East Pittsburgh, Pa., police officer Michael Rosfeld was charged with homicide Wednesday in the shooting death of Antwon Rose II.
Allegheny County District Attorney via AP
East Pittsburgh, Pa., police officer Michael Rosfeld was charged with homicide Wednesday in the shooting death of Antwon Rose II.

Updated at 1 p.m. ET

An East Pittsburgh, Pa., police officer has been charged with one count of criminal homicide in last week's shooting death of a 17-year-old fleeing a traffic stop that prompted days of angry protests.

Michael Rosfeld, 30, was arrested and charged Wednesday morning, according to court documents. He was released after posting $250,000 bail.

Rosfeld has been on administrative leave since the June 19 shooting. He had reportedly officially been sworn into the job with the East Pittsburgh Police Department just hours before the incident.

Antwon Rose II was shot three times as he ran from the car that police had just pulled over in the Pittsburgh suburb.

"It's an intentional act, and it's done recklessly," Allegheny County District Attorney Stephen Zappala Jr. said at a news conference Wednesday. "There is no justification for it."

Rose was unarmed, according to police, who say an empty gun clip was later found in his pocket.

A witness videoof the incident has been viewed about 150,000 times on Facebook; it shows Rose and a second passenger running from police as three shots are heard. Rose is seen collapsing.

Rose was shot in the face, the elbow and the back, according to Zappala.

Of the back wound, Zappala said, "That's the fatal shot," adding the "9 mm slug matches Rosfeld's service weapon."

Police said the Chevrolet Cruze was pulled over because it matched the description of a vehicle involved in a drive-by shooting minutes earlier in nearby North Braddock Borough that left a 22-year-old with a "grazing" wound.

Zappala said a 9 mm weapon as well as a .40-caliber — used in the earlier shooting — was retrieved from under the front seat of the car Rose was riding in. Both weapons were stolen.

And yet, according to Zappala, Rosfeld was never at risk from a weapon.

"He specifically says that he didn't see a weapon," Zappala said. "That's significant."

A police affidavit says video surveillance footage of the North Braddock shooting shows a passenger wearing a dark shirt in the back firing a weapon from an open window. Police do not suspect Rose, who was seated in the front seat, of firing any shots.

The backseat passenger, who also ran with Rose, was later identified as Zaijuan Hester. He was arrested on Monday and charged Wednesday with attempted homicide.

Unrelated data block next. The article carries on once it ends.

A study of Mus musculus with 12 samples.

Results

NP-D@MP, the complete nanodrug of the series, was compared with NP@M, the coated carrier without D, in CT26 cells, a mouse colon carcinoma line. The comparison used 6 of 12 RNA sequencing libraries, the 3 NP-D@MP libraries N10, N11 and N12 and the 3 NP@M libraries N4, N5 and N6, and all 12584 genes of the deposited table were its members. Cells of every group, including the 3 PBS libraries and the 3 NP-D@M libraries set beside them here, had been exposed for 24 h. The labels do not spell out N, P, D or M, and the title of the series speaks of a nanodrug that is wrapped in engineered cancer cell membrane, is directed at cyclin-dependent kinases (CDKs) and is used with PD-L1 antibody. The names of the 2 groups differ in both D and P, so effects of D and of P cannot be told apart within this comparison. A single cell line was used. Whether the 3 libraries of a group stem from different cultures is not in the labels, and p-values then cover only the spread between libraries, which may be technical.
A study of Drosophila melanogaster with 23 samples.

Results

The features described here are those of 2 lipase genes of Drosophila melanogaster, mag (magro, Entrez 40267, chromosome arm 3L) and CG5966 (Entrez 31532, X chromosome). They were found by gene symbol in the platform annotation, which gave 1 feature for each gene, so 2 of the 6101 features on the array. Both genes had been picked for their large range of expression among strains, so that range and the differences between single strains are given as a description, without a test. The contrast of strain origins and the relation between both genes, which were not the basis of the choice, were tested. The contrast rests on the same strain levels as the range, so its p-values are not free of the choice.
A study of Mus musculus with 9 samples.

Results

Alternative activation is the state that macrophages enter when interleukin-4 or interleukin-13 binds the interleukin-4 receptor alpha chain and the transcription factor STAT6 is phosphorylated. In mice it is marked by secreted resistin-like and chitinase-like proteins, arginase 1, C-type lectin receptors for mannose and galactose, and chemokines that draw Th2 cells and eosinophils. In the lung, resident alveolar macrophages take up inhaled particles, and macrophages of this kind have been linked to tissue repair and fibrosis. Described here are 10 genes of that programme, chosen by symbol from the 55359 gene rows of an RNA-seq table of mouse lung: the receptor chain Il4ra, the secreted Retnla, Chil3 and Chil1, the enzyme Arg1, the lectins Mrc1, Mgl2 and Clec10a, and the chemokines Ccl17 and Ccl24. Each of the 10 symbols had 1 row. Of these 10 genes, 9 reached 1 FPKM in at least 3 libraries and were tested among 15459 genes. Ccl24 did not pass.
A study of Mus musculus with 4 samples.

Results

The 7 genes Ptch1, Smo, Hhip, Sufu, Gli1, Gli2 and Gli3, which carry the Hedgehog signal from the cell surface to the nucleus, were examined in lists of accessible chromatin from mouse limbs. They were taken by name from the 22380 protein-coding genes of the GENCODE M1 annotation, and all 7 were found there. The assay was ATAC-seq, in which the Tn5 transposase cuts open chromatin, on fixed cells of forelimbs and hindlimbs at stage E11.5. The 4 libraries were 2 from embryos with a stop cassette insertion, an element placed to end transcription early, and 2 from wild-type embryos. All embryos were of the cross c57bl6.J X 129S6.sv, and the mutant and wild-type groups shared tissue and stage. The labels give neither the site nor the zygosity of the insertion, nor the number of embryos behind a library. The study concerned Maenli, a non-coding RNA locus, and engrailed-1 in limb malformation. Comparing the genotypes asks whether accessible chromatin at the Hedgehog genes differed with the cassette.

"Antwon Rose didn't do anything in North Braddock other than be in that vehicle," Zappala said.

The driver was detained the day of the shooting and then released without charge after questioning, police said.

"The best we can tell, he is like an Uber driver," Zappala said. "He was very forthcoming."

In the week since Rose died, hundreds of protesters have taken to the streets of the Pittsburgh area demanding action and "Justice4Antwon."

Marchers in East Pittsburgh, Pa., raise their fists Tuesday as they protest the shooting death of Antwon Rose II.
Keith Srakocic / AP
Marchers in East Pittsburgh, Pa., raise their fists Tuesday as they protest the shooting death of Antwon Rose II.

Lee Merritt, who represents the Rose family, said Wednesday that while the family is glad Rosfeld was arrested and charged, action should have been taken sooner.

"When that video first went viral of Antwon Rose being shot in the back three times — at that time, there was no justification; an arrest warrant should have been issued immediately," Merritt said, according to audio released by ABC.

"The family views the homicide charge with guarded optimism," he added. "We believe it's a step in the right direction but we understand that there's gonna be a long road to a conviction and sentencing."

Hundreds of mourners gathered for Rose's funeral service Monday at Pittsburgh's Woodland Hills Intermediate School, reports WESA.

The service program told of his love of basketball, skating and surfing. It described him as a good student.

And it included a poem Rose had written, entitled: "I Am Not What You Think!" It reads in part:

"I see mothers bury their sons, I want my mom to never feel that pain, I am confused and afraid ... I understand people believe I'm just a statistic, I say to them I'm different."

Rose was black. His death is the latest in a string of high-profile police shootings involving unarmed black men, notably in Ferguson, Mo., Sacramento, Calif., and Baton Rouge, La.

Ahead of Rose's wake on Sunday, his mother, Michelle Kenney, spoke to ABC News about the officer who shot her son.

"He murdered my son in cold blood," Kenney said. "If he has a son, I pray his heart never has to hurt the way mine does."

The Pittsburgh Post-Gazette reportsRosfeld left his last job, at the University of Pittsburgh, after discrepancies were found between his sworn statement and evidence in a December arrest.

The newspaper reports that the East Pittsburgh Police Department hired Rosfeld a few months later in May.

Rosfeld has given a statement to police but has not spoken publicly about the incident.

Of how Rosfeld feels after the fact, "I know that he was remorseful," Zappala said Wednesday.

A preliminary hearing in Rosfeld's case is scheduled for July 6.

Copyright 2020 NPR. To see more, visit https://www.npr.org.

Amy Held
Amy Held is an editor on the newscast unit. She regularly reports breaking news on air and online.